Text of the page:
Course Correction September 4, 2014

Friends and Family,

Before Genevieve and I met with Dr. Cetnar today to get my CT scan results, I had the usual paperwork to fill out. The first question on the sheet is, “What are your concerns today?” I wrote, “Making sure that my excellent health continues.” I have felt so confident lately that it has gotten easier to fill in that blank with positive affirmations. Last month I wrote “World Peace,” since I had almost no concerns about my own health.

All that changed today. When a doctor’s opening line is, “I have good news and bad news,” you know what is coming next. In this case the good news is that there has been no increase in the number of little cancer mini-tumors throughout my lungs. The bad news is that a couple of the biggest ones have doubled in size.

If that was the end of the story it would be no biggie, since the biggest tumor is only 2 cm (3/4”), but what it means is that the cancer is learning to work around the Tarceva. It will only escalate from here.

So now we are left with a decision about what to do next. Here are the options Dr. Cetnar suggested:

1. Continue with the Tarceva, and use radiation when the little tumors get too big. This sounds like a crappy option to me, since I have hundreds of the little suckers, and I just can’t imagine that the radiology team can accurately zap a bunch of little spots and hit the targets.

2. Go through chemo again. He doesn’t like this idea, since chemo didn’t shrink the cancer at all last time around. However, it did stop the cancer from growing for some time. Not only that, but he was surprised to hear that my previous oncologist hadn’t used the same chemo cocktail that had been effective in shrinking the tumor that I had eight years ago. That gives hope that it might work again this time. The side effects aren’t fun, and the outcome statistics show a pretty short-term gain for most people, but it beats a poke in the eye with a sharp stick, at least by a little.

3. There is a clinical trial on a new treatment (AZD9291) that targets my cancer’s genetic mutation, but only if the cancer has further mutated in just the right way. My chances of having the right new cancer mutant are 60%. To add a little more challenge to this, there are only two places in the country that are running this clinical trial right now. The closest is at UC San Diego. He doesn’t know if they are accepting new patients.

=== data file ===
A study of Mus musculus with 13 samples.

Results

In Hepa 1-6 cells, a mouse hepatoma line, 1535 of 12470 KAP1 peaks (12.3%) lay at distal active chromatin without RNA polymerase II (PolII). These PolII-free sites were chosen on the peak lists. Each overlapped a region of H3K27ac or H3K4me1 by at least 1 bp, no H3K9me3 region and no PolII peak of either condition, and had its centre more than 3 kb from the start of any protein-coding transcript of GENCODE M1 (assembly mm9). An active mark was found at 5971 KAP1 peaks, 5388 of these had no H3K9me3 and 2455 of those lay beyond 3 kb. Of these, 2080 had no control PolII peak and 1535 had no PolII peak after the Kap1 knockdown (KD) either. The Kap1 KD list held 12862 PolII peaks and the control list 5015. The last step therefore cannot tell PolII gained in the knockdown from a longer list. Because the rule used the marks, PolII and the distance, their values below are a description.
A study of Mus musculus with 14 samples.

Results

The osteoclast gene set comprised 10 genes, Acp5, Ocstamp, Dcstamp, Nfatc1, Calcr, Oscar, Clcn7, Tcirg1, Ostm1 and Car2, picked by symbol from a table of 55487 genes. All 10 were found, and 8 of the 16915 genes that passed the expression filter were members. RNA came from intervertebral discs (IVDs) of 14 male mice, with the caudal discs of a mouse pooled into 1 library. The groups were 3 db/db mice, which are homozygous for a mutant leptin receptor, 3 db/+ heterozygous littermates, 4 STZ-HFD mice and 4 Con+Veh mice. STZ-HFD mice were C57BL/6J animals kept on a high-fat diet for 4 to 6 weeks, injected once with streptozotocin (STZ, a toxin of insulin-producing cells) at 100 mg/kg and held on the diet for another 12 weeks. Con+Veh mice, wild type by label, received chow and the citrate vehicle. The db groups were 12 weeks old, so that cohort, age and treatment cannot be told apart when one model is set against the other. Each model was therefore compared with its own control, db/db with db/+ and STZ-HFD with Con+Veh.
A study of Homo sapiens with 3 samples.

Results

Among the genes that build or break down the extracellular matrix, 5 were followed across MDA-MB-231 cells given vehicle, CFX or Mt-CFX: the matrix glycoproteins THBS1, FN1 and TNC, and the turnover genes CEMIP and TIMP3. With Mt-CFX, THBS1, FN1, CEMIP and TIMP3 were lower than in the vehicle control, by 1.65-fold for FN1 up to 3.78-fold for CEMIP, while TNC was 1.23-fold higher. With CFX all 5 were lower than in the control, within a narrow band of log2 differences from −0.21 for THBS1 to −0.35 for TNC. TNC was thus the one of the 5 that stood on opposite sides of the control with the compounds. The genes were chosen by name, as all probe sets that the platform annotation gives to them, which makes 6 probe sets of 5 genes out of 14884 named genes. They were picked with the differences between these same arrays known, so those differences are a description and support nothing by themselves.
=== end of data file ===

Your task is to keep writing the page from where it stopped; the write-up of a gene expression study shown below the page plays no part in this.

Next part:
4. I could start on afatinib, which is similar to Tarceva. About 11% of the people who switched when Tarceva stopped working had shrinkage of their cancer. However, what we didn’t find out is what percentage were able to stop their cancer from growing. It would be great to get rid of it, but I would be happy with a drug that stops it in its tracks for any length of time.

There are other options, all of which Dr. Cetnar thinks would be chasing rainbows.

The upside to all of this is that the growth has been so minor that we don’t have to race around in panic mode to come up with the next step. If the cancer was growing faster we would have to make a quick choice, maybe more out of desperation. Instead, we have time to evaluate the options.

This is a lot to absorb in the last three hours, but we worked out an initial plan. Dr. Cetnar and I will both call UCSD and see whether they are admitting new patients (since sometimes they listen more to the doctor, and sometimes they listen more to the patients advocating for themselves), and what it would take to get me in the trial. Meanwhile, I will also try to get a consult at MD Anderson in Houston, which Dr. Cetnar says is consistently rated one of the top two cancer centers in the country.

I am extremely fortunate in how this is turning out. I have a buddy in San Diego that has been on a remarkably parallel path to mine. He is close to my age, has the same type of non-smoker’s lung cancer, started Tarceva about the same time as me, had radiation to his hips at almost the same time as I did, and just started on this AZD9291 clinical trial two months ago. He is the one who told me about this trial. Long ago my oncologist met the AZD9291 pharmaceutical rep at a conference and asked to be part of the first wave of clinical trials, but he never heard back from the rep, so he didn’t know that clinical trials were actually underway. Hearing about it from Craig may end up saving my life, or at least extending it for a healthy interval.

All your positive energy and prayers are very much appreciated right now, and I do mean POSITIVE energy! Leave your pity behind! Bring on the cheerleaders!